Posted By Roger Hedgecock On 03/29/2010 @ 12:00 am In Commentary | Comments Disabled
Saturday, I braved the cold, wind-driven sand to join what cops estimated was at least 30,000 American patriots in the Nevada desert for a Tea Party Express rally. They came in every vehicle you can imagine. Lots of cars and trucks, RVs, SUVs, and a cab, a limo and even a racing bicycle with a wind contour of American flag design.
The site was a wide spot in Highway 95 more than 50 miles south of Las Vegas called Searchlight, the ancestral home of the Reid clan and the boyhood home of U.S. Majority Leader Sen. Harry Reid. The purpose? Defeat Harry Reid and welcome him home to retirement in Searchlight.
Being of a certain age, the festive rally felt to me like Woodstock without the drugs; and dry, cold and windy – instead of wet and muddy. Oh, and the music was not as good, but the speeches were better. And there were a lot more American flags.
This was the grass roots, Nancy. No astroturf here. Homemade signs, grandparents, parents, kids, dogs – and not a violent act in sight or racial slur to be heard.
The “right-wing violence” meme was already pretty discredited by Saturday, with plenty of audience laughter at references to the “astroturf” accusations of “racial slurs” and “spitting at a congressman.” Andrew Breitbart spoke, advising the Cincinnati Reds to find the guy who an Ohio congressman charged had thrown a brick through his district office window – when that office is located on the 30th floor of a skyscraper.
Three counter-protesters held signs urging “health care, not war” (have they heard Bush is gone? The war president is now their guy), and “party of racism” (while I watched as whites, blacks and Asians streamed by the sign).
The impact of this Tea Party Express rally in the big picture of things? Hard to say. But the immediate result was clear. The tea-party movement is growing exponentially, the people involved are more motivated than ever, and Harry Reid has a big problem.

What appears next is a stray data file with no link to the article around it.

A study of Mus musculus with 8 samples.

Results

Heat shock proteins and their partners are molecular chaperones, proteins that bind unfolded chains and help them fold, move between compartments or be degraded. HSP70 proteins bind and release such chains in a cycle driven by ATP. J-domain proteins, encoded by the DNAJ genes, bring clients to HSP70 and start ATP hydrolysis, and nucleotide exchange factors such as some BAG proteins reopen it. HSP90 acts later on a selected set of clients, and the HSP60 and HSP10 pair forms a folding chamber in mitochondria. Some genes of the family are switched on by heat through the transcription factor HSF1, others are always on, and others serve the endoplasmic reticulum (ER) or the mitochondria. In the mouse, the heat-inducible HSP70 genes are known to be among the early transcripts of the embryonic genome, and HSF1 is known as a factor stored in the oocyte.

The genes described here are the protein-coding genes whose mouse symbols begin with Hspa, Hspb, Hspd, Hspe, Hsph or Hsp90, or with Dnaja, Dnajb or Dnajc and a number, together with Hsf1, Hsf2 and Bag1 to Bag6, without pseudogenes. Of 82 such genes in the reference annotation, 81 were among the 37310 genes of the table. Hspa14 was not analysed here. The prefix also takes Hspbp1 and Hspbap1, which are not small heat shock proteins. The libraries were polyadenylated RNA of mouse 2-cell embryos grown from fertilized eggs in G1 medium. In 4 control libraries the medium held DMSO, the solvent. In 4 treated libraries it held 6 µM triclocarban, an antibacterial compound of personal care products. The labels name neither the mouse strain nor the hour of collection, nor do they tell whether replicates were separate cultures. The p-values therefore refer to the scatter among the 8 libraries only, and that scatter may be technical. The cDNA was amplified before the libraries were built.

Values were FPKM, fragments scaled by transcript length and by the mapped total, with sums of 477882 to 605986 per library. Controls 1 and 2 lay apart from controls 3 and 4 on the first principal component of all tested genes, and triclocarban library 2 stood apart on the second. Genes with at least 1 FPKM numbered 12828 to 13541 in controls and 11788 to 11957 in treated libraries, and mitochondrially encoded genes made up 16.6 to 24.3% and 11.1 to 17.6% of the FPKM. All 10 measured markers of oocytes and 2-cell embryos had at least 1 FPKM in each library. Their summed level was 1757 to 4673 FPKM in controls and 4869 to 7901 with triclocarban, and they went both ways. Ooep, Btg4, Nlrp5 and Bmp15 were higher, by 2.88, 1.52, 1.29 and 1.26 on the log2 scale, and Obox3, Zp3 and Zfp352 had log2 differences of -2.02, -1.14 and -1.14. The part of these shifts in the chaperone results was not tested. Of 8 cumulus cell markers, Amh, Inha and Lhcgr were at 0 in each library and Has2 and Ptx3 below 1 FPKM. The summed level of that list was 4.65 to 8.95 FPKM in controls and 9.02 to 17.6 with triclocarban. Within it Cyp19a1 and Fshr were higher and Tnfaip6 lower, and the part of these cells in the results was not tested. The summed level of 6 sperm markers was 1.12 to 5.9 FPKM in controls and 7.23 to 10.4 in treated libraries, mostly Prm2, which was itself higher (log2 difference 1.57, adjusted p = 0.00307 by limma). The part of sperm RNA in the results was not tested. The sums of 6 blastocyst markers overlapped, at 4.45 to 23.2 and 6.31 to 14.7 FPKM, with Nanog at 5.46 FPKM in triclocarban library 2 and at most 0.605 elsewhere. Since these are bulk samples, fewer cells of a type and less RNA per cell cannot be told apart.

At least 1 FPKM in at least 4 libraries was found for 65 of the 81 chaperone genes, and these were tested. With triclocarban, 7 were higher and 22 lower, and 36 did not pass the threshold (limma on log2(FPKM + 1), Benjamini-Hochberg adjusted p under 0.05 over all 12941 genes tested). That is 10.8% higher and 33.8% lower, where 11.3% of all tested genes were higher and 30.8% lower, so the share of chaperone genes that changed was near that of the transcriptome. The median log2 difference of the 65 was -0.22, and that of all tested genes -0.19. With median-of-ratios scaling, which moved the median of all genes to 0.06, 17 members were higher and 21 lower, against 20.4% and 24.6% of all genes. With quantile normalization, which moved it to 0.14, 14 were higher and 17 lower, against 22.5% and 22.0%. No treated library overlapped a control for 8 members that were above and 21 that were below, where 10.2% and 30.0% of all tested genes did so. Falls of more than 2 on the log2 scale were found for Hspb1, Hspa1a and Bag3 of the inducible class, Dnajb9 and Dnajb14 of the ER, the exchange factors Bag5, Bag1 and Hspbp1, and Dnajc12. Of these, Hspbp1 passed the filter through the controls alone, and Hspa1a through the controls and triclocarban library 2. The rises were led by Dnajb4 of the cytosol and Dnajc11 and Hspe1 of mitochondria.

Nevada politicians (the governor stood in line to speak to the crowd) and all manner of candidates attended, giving the tea-party movement the political credit it has earned despite the scorn of the ruling classes and the media.
When can you remember politics bringing that many people out to a location famous for being remote from everything? They came from all around, too – Nevada, but also Arizona and California. I saw license plates from Alaska, Oregon, New Mexico, Montana and Texas.
Sarah Palin spoke from written notes, after asking with a smirk if there was a teleprompter. She also showed the crowd some written notes on her palm. The crowd chanted back “Sarah, Sarah.”
The most reviled accomplished female in the country proceeded to take Obama apart, broken promise by broken promise. Her critique of the health-care “reform” bill was spot on and brought the crowd to a roar of appreciation.
The health-insurance “reform” bill suffered scathing remarks from a number of speakers. The Senate Republicans strategy of offering amendments to the reconciliation bill appeared to have caught the attention of at least this crowd. References were made to amendments that forced the Senate Democrats (including Reid) to vote against a ban on federal money for Viagra for pedophiles, and another amendment that had Democrats voting against repeal of the new “medical device” tax as applied to prosthetics for our returning wounded warriors.
The loudest applause line for Palin and other speakers was any reference to the mounting federal deficit. It looked like half the numerous homemade signs attacked deficit spending in some way. The most poignant of these was the 10-year-old girl holding a sign that read: “I’m in debt and I don’t even have a job yet”!
I warned the crowd in my short talk to remember the U.S. Navy SEAL’s saying that “The only easy day was yesterday.” To reclaim a limited federal government of “enumerated powers,” to restore an opportunity society and a free-market economy is going to take a lot of hard work by many more people than could attend the rally.
To that end, the Tea Party Express will continue on from Searchlight with stops in dozens of locations on the way to destination Washington, D.C., mobilizing an army of traditional Americans to elect a new Congress that will champion again the values of individual liberty and individual responsibility, which are the foundation of the success of our country.
It was dusty, windy, cold, and the line for the port-o-potty long. But I’m glad I went. It felt like America.